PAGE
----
If this were 1806 instead of 2006, the political primary fight being waged in Champaign County Board District 9 in Urbana might be settled with silk gloves and sidearms at 20 paces. But instead of using pistols to dispose of their political foes, dueling Democrats are flinging epithets at each other for the right to run as Democratic Party candidates in the November general election.
This distasteful four-candidates-for-two-seats free-for-all, which is the epitome of what people hate most about politics, demonstrates once again that whoever said family fights were the worst fights was right on the money.
Challengers Robert Kirchner, who previously served a single term on the board before stepping down, and Lisa Bell, backed by party insiders, are campaigning as a team not only to run Democratic incumbents Steve Beckett and Barbara Wysocki off the county board but also right out of the Democratic Party for the unpardonable sin of disloyalty.
This battle was more than a year in the making, starting in late 2004 when Beckett announced that he could not support fellow Democrat Patricia Avery for another term as board chairwoman because the public deserved better. When most of their fellow Democrats lined up publicly behind Avery, Beckett, Wysocki and Brendan McGinty, another District 9 Democrat also targeted for extinction, formed an alliance with board Republicans to elect Wysocki to lead the 27-member board.
Although the candidates disagree on a few issues, that, in a nutshell, is what this election is all about.
Democrats to whom party loyalty is the first, last and only issue will vote for Kirchner and Bell. Those who believe the public interest, not party loyalty, is the paramount concern should support Beckett and Wysocki because they have shown, to their political detriment, that they have the courage to do what they think is right, regardless of what the party apparatchiks think.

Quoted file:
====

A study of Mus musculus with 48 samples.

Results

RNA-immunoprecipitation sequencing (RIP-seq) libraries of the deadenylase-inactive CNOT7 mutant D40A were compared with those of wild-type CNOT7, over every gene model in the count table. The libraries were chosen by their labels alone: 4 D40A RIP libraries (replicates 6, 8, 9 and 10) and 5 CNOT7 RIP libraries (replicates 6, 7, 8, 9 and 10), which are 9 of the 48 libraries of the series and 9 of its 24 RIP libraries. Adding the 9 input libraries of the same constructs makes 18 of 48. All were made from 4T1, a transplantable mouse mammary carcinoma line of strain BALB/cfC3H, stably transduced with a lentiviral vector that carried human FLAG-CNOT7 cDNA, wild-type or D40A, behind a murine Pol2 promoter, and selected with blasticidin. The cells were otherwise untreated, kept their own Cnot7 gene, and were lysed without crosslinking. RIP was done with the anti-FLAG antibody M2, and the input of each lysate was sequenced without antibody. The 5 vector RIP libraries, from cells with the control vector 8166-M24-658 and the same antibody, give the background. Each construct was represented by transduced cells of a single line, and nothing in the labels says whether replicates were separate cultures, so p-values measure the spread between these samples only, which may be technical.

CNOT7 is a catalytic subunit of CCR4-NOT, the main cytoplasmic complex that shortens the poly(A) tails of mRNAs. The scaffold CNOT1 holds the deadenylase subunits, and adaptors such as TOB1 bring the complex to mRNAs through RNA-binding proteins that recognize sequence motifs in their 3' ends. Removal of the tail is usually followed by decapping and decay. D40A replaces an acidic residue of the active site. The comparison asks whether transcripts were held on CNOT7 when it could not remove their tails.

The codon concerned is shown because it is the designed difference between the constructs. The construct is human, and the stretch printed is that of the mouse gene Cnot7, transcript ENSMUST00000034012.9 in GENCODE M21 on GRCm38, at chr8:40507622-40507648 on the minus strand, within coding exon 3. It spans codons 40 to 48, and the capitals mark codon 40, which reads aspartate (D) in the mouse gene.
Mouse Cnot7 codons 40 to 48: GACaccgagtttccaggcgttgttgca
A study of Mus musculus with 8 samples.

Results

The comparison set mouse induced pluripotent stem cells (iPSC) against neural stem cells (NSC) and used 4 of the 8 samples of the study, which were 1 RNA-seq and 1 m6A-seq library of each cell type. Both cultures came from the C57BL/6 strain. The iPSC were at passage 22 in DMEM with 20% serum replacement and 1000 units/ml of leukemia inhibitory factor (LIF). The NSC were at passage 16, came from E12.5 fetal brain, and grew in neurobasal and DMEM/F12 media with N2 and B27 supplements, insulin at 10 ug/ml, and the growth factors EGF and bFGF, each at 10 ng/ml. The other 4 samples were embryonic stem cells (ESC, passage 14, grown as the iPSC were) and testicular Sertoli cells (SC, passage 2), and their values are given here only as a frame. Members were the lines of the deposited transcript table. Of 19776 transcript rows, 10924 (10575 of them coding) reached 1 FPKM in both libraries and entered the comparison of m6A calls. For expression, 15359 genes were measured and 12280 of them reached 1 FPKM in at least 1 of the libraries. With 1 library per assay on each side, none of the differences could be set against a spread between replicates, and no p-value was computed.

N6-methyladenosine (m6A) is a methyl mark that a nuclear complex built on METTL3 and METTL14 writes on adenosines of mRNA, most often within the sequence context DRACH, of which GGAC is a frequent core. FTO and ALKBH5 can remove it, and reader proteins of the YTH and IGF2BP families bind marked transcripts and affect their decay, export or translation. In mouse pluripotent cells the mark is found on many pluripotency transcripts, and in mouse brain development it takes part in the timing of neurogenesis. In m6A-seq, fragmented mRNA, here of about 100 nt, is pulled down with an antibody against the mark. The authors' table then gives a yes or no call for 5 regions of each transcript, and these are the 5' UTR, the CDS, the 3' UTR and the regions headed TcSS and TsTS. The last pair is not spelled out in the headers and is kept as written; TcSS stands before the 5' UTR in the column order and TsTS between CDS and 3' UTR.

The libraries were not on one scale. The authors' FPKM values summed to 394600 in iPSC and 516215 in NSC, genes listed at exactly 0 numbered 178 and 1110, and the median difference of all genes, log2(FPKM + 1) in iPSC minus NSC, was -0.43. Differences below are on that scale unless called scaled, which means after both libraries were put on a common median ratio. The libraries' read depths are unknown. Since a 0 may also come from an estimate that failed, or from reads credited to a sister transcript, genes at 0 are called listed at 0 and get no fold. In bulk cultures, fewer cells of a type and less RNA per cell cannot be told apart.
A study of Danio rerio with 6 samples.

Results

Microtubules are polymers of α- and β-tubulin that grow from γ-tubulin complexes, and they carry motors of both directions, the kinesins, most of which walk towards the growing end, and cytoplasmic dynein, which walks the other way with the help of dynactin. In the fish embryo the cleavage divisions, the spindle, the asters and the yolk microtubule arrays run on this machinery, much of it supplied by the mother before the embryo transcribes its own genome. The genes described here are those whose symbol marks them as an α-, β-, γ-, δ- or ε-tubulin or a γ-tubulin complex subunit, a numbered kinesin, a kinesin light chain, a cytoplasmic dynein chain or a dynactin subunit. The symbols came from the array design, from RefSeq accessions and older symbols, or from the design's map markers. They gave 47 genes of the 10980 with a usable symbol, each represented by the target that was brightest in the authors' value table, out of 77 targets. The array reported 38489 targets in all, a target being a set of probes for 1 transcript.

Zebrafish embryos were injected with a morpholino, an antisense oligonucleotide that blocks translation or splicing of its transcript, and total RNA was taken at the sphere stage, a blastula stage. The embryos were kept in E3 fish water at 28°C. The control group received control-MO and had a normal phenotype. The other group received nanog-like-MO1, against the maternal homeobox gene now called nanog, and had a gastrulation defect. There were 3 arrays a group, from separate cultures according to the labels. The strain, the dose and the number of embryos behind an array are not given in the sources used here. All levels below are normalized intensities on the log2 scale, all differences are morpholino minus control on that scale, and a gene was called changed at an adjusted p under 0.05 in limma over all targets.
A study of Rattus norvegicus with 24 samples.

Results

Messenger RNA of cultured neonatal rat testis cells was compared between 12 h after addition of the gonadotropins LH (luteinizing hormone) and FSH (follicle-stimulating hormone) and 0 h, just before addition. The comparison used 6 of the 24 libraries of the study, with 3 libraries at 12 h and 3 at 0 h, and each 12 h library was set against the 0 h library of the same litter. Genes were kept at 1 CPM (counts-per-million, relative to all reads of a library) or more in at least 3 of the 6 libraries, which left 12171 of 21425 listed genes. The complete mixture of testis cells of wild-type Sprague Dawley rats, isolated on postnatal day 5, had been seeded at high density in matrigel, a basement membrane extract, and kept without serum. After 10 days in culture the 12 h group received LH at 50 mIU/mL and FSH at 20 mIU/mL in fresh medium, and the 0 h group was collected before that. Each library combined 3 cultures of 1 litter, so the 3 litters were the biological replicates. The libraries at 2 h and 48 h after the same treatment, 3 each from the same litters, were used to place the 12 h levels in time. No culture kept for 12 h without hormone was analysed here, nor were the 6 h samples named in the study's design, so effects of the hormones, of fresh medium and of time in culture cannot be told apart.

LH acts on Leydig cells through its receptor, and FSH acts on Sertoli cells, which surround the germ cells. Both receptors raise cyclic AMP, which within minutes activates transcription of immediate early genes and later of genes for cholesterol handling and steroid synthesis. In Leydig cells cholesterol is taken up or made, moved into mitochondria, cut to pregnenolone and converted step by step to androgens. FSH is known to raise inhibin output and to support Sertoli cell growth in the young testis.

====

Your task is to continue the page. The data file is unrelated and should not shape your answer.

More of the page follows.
The News-Gazette is endorsing Beckett and Wysocki for a couple of important reasons.
For starters, it's not good for county government to be degraded by the kind of hyperpartisanship driving the Kirchner/Bell campaign.
Some local Democrats, understandably, got their noses out of joint over the chairmanship issue. It was a unique situation. But the bottom line is that Wysocki is a Democrat who's performed her duties as board chairwoman far better than her predecessor. The public interest was served by the change in leadership. Isn't that what really matters?
Secondly, despite some Democrats' enthusiasm for a bloodletting, it's not really in the party's interest to run good people out. In a similar display, Republican purists foolishly did the same thing in 2000. The GOP purge worked in the primary, but the party lost its county board majority in the general election.
Democrats, like Republicans before them, discount a similar outcome as a possibility because of how they've drawn county board district lines. But voters tend not to be impressed by heavy-handed political maneuvers, and this one has the potential to cost Democrats their board majority.
Finally, Wysocki and Beckett are longtime residents who have served in a variety of endeavors.
A retired school teacher and longtime member of the League of Women Voters, Wysocki has well deserved reputation as a conscientious volunteer.
Beckett, a prominent local lawyer who teaches at the University of Illinois College of Law, has a similar record of civic involvement. The public should be pleased that individuals of such decency and dedication are willing to serve.
Those plaudits do not minimize in any way the resumes of Kircher, a lawyer, and Bell, a dental hygienist who is executive director of Central Illinois Dental Education and Services, a not-for-profit agency that provides free dental care to needy children in Champaign County who live outside of Champaign-Urbana. But unfortunately, in our view, they're running for the wrong reasons.